Tuesday, February 22, 2011

Why We'll Never Reach Utopia

With all that is going on these days, from the protests in the Middle East to the bill passed by the House to pull funding from Planned Parenthood and other abortion providers to the resistance against prohibiting unions in Wisconsin (of course, the Social Problems course I'm taking now and the Morality & Justice course from last semester may have a bit to do with my thinking as well...), I really have to wonder what it would take for governments to actually do what I've always been told is their job: Protect the people of the nation through law and regulation.

The fact of the matter is, while this is a lovely utopian ideal, governments have never done this in a satisfactory manner. There is no government in the world that has ever been able to offer true equality of treatment. There has always been an unequal distribution of power, and those who possess that power are in no hurry to let go of any of it. Whether the imbalance is fiscal or political, it seems that the priority of equality and actually doing the job right has always taken a backseat to the priority of maintaining power.

But would it hurt to try to get it right on occasion?

When it comes down to it, the balance of power is always weighted in favor of the status quo. It takes a lot of force to overcome the inertia of the political machine, and it is not those who sit on Capitol Hill who are going to have to work to start changing things. Sure, it's great when some top-down policy change actually happens, but most of the time, there's almost no chance of this happening. Our legislators, for the most part, aren't interested in actual equality; they're interested in remaining in office. In fact, it is all but guaranteed political suicide to work for equal treatment when that equal treatment means taking power or -- god forbid, money -- out of the hands of the rich and powerful.

Those in political power are the ones who can most easily alter how things work in this country, but because they need to be reelected, they are dependent on those who have fiscal power. In the United States, you can't run for office with no campaign budget. It takes money to be heard, be seen, be known. It takes sponsors or personal wealth, and when this is what it takes to chase a government office, very few candidates are willing to support policies that go against the best interests of those who are funding the candidate's campaign.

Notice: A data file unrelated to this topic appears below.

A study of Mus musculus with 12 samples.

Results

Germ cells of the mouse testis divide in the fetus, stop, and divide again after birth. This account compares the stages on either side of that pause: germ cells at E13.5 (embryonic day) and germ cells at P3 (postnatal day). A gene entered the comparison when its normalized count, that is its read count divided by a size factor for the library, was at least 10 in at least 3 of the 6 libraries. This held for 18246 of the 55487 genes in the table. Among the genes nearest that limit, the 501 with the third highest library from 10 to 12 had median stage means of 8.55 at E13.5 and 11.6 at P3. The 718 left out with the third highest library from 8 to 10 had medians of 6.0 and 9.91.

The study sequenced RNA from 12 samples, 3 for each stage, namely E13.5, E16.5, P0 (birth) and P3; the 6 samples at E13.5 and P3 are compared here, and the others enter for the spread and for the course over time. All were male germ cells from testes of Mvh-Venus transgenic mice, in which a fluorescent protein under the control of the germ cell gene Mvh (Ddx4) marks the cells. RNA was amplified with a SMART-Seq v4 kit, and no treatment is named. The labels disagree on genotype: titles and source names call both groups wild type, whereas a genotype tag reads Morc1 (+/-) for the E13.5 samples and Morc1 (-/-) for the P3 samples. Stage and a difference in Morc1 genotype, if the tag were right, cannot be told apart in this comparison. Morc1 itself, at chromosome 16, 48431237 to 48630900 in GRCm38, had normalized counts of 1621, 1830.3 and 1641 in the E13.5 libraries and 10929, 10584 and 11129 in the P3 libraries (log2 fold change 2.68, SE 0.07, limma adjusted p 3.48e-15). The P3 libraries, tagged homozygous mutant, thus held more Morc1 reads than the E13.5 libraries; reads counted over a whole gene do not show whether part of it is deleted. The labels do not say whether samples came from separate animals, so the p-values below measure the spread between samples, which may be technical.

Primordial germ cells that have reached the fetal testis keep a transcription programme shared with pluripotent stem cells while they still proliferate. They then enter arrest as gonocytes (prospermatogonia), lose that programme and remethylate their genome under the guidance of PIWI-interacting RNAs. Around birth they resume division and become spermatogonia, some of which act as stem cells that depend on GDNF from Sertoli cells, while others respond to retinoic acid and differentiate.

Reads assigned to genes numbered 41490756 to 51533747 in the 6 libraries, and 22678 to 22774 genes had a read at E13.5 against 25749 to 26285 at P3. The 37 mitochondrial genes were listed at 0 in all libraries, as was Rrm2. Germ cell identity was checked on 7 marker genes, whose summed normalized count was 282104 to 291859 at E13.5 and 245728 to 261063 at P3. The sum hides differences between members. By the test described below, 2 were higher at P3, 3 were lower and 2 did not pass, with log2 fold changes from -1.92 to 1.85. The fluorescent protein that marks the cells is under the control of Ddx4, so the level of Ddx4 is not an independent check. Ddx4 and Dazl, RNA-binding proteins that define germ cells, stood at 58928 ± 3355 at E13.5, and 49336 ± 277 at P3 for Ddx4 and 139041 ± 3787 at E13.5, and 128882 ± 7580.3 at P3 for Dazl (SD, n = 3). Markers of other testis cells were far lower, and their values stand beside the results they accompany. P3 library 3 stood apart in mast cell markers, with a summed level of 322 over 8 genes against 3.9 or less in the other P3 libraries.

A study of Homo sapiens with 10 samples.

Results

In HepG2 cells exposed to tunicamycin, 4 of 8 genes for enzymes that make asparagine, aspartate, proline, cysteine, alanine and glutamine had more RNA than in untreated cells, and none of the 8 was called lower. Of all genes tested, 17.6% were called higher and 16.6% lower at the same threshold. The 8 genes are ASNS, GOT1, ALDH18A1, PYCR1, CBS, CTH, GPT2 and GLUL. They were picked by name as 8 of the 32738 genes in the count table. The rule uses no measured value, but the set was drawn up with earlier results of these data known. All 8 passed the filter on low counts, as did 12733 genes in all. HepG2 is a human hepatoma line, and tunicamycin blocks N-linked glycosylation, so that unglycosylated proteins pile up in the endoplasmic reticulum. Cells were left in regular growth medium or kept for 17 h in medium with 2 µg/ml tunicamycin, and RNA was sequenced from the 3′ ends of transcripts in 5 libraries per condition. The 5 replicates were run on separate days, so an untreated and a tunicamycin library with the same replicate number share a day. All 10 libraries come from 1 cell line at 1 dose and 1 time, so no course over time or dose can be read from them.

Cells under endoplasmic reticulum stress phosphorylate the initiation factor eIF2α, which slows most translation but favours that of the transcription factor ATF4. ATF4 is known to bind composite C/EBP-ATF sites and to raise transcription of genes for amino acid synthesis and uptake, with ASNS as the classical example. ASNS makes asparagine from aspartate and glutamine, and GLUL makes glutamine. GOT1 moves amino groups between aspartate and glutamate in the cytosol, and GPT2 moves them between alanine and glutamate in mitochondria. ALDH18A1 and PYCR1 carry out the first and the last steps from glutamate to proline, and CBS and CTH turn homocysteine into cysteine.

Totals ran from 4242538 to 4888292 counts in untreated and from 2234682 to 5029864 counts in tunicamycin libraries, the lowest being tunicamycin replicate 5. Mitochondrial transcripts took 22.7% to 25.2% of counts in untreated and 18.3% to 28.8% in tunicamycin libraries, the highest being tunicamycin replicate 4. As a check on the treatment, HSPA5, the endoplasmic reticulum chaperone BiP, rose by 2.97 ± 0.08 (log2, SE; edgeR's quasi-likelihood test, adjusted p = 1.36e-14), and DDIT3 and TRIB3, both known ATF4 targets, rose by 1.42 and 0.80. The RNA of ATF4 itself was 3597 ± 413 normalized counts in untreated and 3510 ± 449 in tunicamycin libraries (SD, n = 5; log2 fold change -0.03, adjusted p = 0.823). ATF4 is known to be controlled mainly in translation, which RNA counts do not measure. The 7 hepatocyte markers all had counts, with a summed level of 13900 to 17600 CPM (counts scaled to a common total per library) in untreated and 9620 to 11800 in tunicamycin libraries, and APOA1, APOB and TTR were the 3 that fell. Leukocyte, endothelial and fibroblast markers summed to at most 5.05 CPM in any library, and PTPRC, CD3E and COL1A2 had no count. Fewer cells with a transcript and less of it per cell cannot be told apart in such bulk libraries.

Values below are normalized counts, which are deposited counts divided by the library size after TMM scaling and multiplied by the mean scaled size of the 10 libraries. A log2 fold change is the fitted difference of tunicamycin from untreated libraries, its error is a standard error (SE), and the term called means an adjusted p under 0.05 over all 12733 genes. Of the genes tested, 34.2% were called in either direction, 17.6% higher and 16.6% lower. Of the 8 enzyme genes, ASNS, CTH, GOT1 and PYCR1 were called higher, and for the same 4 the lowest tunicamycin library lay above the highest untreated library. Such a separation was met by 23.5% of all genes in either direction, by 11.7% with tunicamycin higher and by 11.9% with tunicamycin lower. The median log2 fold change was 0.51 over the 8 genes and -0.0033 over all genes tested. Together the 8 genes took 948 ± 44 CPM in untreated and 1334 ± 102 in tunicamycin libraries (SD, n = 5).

In the end, what is best for the richest sliver of the population and for the top businesses is frequently not what is in the best interest of the majority of the populace -- and as the income gap continues to widen, those at the top seem to have an increasingly louder voice as those with less money and power are heard less and less.

The squeaky wheel gets the grease, unless it's carrying a concert-worthy stack of amplifiers shouting out that there is no squeaky wheel. And that's what happens in our political structure. In order to be heard, you need one of two things: power or money. Those who are poor and those who are powerless -- basically, those who most need the support of the government -- are almost never heard.

So, will we ever have economic regulations ensuring that minimum wage is a living wage? I doubt it. Will same-sex marriage be legalized across the nation? Will women be allowed sovereignty over their own bodies? I don't see it happening any time soon.

Will we ever realize that we suffer as the rest of the world suffers?

As a nation, we have it pretty good. We at least have a minimum wage; we don't work for pennies a day. We at least have basic human rights and freedom of religion; our children aren't burned as witches and we aren't prosecuted for apostasy or for insulting the state religion. But we need to understand: as we become more of a global society, as our interconnected economy reaches to every corner of the map, we can either stand as one, or we can fall as one.

For the Chinese workers paid pennies to make shoes for Nike, for the Indian people who forgo their traditional holidays to answer tech calls, for all the people the world over who work under inhumane conditions or at unlivable wages so that good may be made and shipped and supported cheaply, there are people in the United States and other more regulated nations who can't find a job.

Those for whom the current situation is favorable don't want it to change, and they lend all their considerable power to the natural inertia of resisting change. Religion has power, and the religious don't want to relinquish that. Low or nonexistent minimum wage puts money in the pockets of the already-wealthy, and they view that money as their right -- any argument that their outrageous salaries are paid at the expense of employees being unable to meet rent or afford a decent lifestyle falls on deaf ears.

It is in the interest of the elite to keep the average under control, and we give them the power to do so.